ASSISTANT SECRETARY KAREN DONFRIED: Good afternoon to all of you, and thank you, Ellen. It is my sincere honor to welcome all of you to the State Department for this important occasion to commemorate the 75th anniversary of the founding of the Auschwitz-Birkenau State Museum in Poland. And we are simply delighted to be honoring its director, Dr. Cywinski, for his accomplishments in preserving the Auschwitz-Birkenau site and ensuring its international stature is one of the world’s most moving and most important historic sites.
I also want to thank the U.S. Holocaust Memorial Museum for its partnership in this event. The preservation of Auschwitz-Birkenau is critical to ensuring that the historical fact of the Holocaust is made tangible to new generations, and that its lessons continue to be taught and understood. It is thanks to dedicated people such as Dr. Cywinski that Poland continues to do important work on Holocaust commemoration.
His leadership of this mission truly has been extraordinary. Auschwitz and Birkenau should never have existed, so why are we so keen to preserve this place of unspeakable horror? Would it not be reasonable to erase it from the landscape, remove the very thought of what it represents from our minds, recognize it as the cemetery it is, and then let the grass grow over it and leave it to the dead?
Our answer to these questions is no. We must not forget such evil. The Auschwitz-Birkenau State Museum in Poland ensures that we remember. More than 75 years after the crematoria ceased their deadly work, the State Museum continues to ensure the site is preserved in perpetuity. Backed by enormous support from the Polish government and international donors, this site is maintained to help future generations understand that such cold-blooded cruelty and systematic mass murder must never happen again. And to stand as irrefutable evidence of the Holocaust to any perverse persons who may deny it took place.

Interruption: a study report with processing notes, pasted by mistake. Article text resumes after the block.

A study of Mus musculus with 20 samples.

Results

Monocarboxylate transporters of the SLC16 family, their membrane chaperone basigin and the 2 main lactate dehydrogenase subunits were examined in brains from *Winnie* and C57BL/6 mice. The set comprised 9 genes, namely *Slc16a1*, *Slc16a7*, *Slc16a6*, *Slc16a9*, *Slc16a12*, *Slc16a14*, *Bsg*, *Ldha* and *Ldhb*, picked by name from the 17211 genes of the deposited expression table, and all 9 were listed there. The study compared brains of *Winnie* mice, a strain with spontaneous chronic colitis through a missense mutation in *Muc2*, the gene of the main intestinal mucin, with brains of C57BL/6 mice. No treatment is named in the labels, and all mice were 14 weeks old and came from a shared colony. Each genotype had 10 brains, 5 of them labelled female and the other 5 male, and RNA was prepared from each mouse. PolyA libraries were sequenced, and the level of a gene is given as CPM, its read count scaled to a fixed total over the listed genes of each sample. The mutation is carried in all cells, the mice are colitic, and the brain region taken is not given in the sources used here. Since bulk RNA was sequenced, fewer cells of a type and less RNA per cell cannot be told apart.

The United States is among the site’s proud supporters, and since 2010 has contributed $17 million to the Auschwitz-Birkenau foundation. I am especially pleased our colleagues from the Polish Embassy are joining us here today. As allies and partners Poland and the United States have stood together through many challenges. We are doing so again today as we and so many other countries around the world have together called on the Russian government to stop its unconscionable war against Ukraine.
The very ideals that bind the United States and Poland — freedom, tolerance, democracy, peace, security — are under threat across Europe as never before, certainly not since the Second World War and the Holocaust. It is particularly appalling that the Kremlin has exploited the history of the Holocaust to further its geopolitical aims against Ukraine and other countries in the region. In supporting the preservation of the Auschwitz-Birkenau site, we stand in eternal solidarity with survivors.
We must safeguard your testimony, their testimony, so that truth will never die. The world must never forget. The world must never deny. The world must never downplay the Holocaust. We must remain ever on guard, and we must do far more to teach the lessons of the Holocaust and apply them in our own time. We must counter hate and lies with tolerance and truth. And we must stand up for human dignity and freedom wherever they are imperiled. Thank you so much and congratulations and thank you for your important work.